What’s with the hole in the road?

(Michelle Orrelle)

For the past week, they’ve been digging up the road outside my house. The council note in the letterbox said this’ll go on for the next three months. It’s inconvenient and it’s fascinating.
Every morning a team of workmen arrive and stand in a circle smoking cigarettes and drinking black coffee, while a guy in a neon vest places orange cones at either end of the block to stop traffic. He then gets in his air-conditioned, parked car and naps for the rest of the day.

When they are down to the Turkish coffee sludge at the bottom of their glasses, the rest of the crew flick away their butts and one man climbs into the dump truck, another into the excavator (both life-size versions of our Matchbox Digger collection) and they dig a serious, grave-like trench down the centre of road.

Moist orange dirt is piled into mounds and broken grey asphalt is stacked to the side so three more guys can move in with shovels and instruments to do their part. The foreman is calm and in control, diligently showing residents around the debris to their driveways, and guiding pedestrians along pathways so they don’t trip on the mess or slip in the mud. This continues through the heat of the day until late afternoon when the mini bulldozer springs into action, zigzagging and beeping incessantly until 5 p.m. sharp — when all goes quiet.

That’s when I venture outside to see the damage and it’s as if nothing has ever happened. The hole is filled in, the men are gone, and the construction vehicles stand like statues. Only a neatly swept, black scar runs down the centre of the street….…until the following morning when the whole process starts over again.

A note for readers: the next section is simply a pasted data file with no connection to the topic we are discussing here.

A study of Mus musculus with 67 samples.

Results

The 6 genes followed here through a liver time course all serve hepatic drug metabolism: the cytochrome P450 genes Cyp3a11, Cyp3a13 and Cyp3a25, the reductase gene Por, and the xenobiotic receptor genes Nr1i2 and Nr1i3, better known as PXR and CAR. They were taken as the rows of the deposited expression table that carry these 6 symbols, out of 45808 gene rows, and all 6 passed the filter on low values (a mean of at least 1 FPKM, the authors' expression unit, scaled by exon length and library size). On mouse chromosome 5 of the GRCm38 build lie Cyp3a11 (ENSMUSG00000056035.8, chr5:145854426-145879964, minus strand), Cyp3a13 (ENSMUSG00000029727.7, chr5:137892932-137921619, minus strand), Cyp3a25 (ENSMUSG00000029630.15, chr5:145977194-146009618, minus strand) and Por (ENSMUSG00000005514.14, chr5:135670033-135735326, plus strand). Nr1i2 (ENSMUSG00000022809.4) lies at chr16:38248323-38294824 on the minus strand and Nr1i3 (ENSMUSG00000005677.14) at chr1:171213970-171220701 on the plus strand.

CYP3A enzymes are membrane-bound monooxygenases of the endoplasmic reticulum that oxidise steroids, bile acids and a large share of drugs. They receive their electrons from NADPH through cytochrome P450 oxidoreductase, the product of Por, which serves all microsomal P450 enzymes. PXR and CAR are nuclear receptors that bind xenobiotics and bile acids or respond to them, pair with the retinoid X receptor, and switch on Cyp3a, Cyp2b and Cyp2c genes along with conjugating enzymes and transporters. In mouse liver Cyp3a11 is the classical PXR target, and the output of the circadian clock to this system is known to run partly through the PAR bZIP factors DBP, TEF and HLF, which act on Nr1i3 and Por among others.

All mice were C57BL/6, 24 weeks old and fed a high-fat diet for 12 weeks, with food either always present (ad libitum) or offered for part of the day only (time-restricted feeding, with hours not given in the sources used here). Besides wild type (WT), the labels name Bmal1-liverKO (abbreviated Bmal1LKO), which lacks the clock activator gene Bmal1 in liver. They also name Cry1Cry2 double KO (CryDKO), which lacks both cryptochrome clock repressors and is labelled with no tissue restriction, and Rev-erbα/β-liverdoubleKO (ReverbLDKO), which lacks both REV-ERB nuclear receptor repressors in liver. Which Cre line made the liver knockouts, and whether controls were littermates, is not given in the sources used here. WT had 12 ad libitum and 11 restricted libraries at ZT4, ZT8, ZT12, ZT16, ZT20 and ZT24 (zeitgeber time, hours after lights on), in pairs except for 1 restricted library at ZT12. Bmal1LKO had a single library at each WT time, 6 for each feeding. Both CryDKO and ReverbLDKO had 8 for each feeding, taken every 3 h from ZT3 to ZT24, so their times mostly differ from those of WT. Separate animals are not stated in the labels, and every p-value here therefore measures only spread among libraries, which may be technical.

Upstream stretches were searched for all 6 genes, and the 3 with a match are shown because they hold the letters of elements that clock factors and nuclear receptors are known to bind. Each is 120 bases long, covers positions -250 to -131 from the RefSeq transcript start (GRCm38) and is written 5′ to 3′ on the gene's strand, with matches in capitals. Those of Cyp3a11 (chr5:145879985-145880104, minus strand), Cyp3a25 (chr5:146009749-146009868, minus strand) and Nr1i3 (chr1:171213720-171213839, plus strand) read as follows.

Given the time of year, I can’t help but wonder about the meaning of all this?

Am I in a Kafka novel? Is this Israeli Groundhog Day?

I decide it is a metaphor. A metaphor for life.

Every day we dig and dig and make a mess and a fuss and a whole lot of noise about the things we care about in the hope of improving them. And at the end of the day, we pack it all up and put it away neatly, ready to go at it again the following day.

On the surface, things look almost the same. But underneath, there may be a change. At least we hope there’s a change, and we hope that deep down, the change is for the better.

I wonder what the foreman thinks. I see he cares for his team and the passersby so I assume he enjoys the process and he must be mindful of the outcome.

But then again, maybe he just likes digging in the dirt.

About the Author
Michelle is an Australian Jew who moved to Israel in 2004. She has three sons who were born in the United States where she and her British-born, Israeli-raised husband lived and worked for 8.5 yrs. The eldest two are currently serving in the Israeli Navy, the youngest is in high school. Michelle is the Co-founder of Crew 972 Animation production company, Residence Event Manager for the Australian Ambassador to Israel, and a Guide at Beit Hatfutsot, the Museum of the Jewish People. She has a BA in Visual Arts, Masters of Design and an MBA.